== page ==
Shortly after 7am on April 9 1917, 39-year-old writer Edward Thomas was killed by a shell during the Battle of Arras in northern France. He left a body of mostly unpublished work that has since cemented his place as one of Britain’s greatest poets.
All of Thomas’s 144 poems were written in the two and a half years leading up to his death. Almost immediately on its posthumous publication, his poetry came to speak for a rural England whose surviving people and culture had been decimated by four years of war. In a foreword to the 1920 Collected Poems, Walter de la Mare described Thomas’s poetry as “a mirror of England”, suggesting that it offered readers a portrayal of a rural nation that had been “shattered” by the catastrophic experience of World War I.
Thomas has become one of the most widely read English language poets of the 20th century. His Collected Poems has gone through numerous editions, and poems such as “Adlestrop” and “Old Man” have been widely anthologised.
Thomas has a deserved reputation as a poet with an unparalleled eye for the details of the natural world, managing through these observations to make some profound reflections on the human and environmental cost of war. His influence on subsequent generations of English poets is hard to overstate: former poet laureate Ted Hughes famously called Thomas “the father of us all”.
There has been plenty of discussion of Thomas’s work over the past few decades and yet there is one major aspect that has remained largely unexamined: his association with Wales.
An English poet?
Calling Thomas an English poet belies his own complex national identity. Born in London to Welsh parents in 1878, Thomas made frequent trips back to Swansea and the Carmarthenshire areas of south Wales to stay with relatives. He had strong friendships with Welsh-language poets Watcyn Wyn and John Jenkins (“Gwili”), and later attended Lincoln College, Oxford from 1897 to 1900, where he was tutored by Owen M. Edwards, one of the most significant figures in nonconformist Welsh culture.
Edwards awakened Thomas’s sense of Welsh national identity – after graduating he asked his former tutor “to suggest any kind of work … to help you and the Welsh cause”. Three years earlier, Edwards had called for “a literature that will be English in language and Welsh in spirit”, and it seems that Thomas took up his challenge, declaring that: “in English I might do something by writing of Wales”.
Welsh in spirit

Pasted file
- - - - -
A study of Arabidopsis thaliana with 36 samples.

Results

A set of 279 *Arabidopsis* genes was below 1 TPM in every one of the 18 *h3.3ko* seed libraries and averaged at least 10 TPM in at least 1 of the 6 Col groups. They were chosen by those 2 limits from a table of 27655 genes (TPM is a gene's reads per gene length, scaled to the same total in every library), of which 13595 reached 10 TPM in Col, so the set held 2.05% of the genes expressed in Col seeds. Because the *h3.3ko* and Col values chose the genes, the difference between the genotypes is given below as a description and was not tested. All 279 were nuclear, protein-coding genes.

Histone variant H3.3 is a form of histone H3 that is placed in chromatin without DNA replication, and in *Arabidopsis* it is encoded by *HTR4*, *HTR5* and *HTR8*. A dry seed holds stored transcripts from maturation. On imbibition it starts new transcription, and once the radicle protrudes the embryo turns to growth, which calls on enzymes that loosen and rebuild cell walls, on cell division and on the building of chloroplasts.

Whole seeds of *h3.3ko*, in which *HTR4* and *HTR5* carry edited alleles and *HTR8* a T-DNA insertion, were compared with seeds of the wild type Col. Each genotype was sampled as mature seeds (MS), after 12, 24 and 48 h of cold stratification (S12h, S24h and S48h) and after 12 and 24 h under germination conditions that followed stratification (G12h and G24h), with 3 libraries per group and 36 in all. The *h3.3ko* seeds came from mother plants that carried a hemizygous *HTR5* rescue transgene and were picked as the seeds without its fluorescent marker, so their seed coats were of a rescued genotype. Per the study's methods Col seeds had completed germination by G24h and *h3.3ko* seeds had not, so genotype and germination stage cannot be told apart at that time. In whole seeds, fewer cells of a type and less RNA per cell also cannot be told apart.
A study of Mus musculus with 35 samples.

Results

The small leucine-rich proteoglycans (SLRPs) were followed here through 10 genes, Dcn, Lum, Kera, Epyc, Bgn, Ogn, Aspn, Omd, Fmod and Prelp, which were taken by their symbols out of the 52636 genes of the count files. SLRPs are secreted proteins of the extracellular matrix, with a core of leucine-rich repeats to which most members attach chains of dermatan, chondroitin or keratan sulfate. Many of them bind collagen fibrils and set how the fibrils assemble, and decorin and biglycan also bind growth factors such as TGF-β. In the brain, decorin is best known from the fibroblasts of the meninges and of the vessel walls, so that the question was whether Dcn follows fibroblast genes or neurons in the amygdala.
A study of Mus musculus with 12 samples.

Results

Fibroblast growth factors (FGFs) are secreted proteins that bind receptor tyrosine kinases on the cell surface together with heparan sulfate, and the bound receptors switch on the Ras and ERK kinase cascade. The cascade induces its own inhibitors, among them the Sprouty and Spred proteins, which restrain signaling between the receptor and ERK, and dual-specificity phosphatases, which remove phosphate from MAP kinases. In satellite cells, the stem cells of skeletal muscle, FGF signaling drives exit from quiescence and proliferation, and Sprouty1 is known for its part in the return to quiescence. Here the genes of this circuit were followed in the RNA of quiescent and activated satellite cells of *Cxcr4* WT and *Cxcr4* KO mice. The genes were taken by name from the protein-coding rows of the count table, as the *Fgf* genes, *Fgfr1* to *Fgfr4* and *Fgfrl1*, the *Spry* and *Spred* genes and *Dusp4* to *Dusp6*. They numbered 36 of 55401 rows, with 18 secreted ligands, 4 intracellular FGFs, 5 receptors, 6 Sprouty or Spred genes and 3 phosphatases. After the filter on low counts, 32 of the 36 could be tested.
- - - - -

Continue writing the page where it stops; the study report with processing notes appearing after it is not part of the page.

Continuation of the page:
The visits to Gwili and Watcyn Wyn became more frequent and both poets feature in Thomas’s 1905 travel book Beautiful Wales. A description of Gwili fishing in a Carmarthenshire stream also features in one of three books of Wales-oriented sketches and short stories published by Thomas between 1902 and 1911: Horae Solitariae, Rest and Unrest, and Light and Twilight. These books are full of Welsh subject matter, including sketches, as well as adaptations of, and allusions to, Welsh folk material and literature.
In his review work for newspapers, Thomas lamented the lack of a widely circulated collection of Welsh folk tales, something that he himself put right in 1911 when he published Celtic Stories, an anthology of Welsh and Irish folk stories written “when Wales and Ireland were entirely independent of England”.
While Thomas’s reputation as a quintessentially English writer rests largely on his poetry, it is now clear that even this is not as English as we previously thought. Welsh subject matter clearly creeps into some of his poems. The following verse from Words is a riddle-like reference to the tradition of Welsh bardic poetry:
Make me content
With some sweetness
Have no wings…
The lines below from Roads allude to Sarn Helen, the mythical Roman road linking fortresses in the north and south of Wales:
Helen of the roads,
The mountain ways of Wales
And the Mabinogion tales,
Is one of the true gods
Recently, however, we have realised that Thomas’s knowledge of Welsh-language poetic metres influenced his work too. Thomas’s poetry has long been regarded as innovative, but critics have tended to look for its origins in his relationship with American poet Robert Frost, the Imagism movement, or in the spoken voice.
What we have missed is the formal crossover between Welsh-language literary forms and Thomas’s use of intricate sound patterns. The opening lines of “Head and Bottle”, for example, repeat the consonant sounds of “l”, “s” and “m” across the first line, and again in the second line. There is also the internal rhyme in “sun”, “sum” and “hum”:
The downs will lose the sun, white alyssum
Lose the bees’ hum
This is a clear example of cynghanedd, the intricate system of consonantal repetition and internal rhyme which is unique to Welsh-language poems.
Thomas certainly was one of the greatest English-language poets but, one hundred years on, it is becoming clear that he belongs just as much to an Anglophone Welsh literary tradition as he does to the literature of England.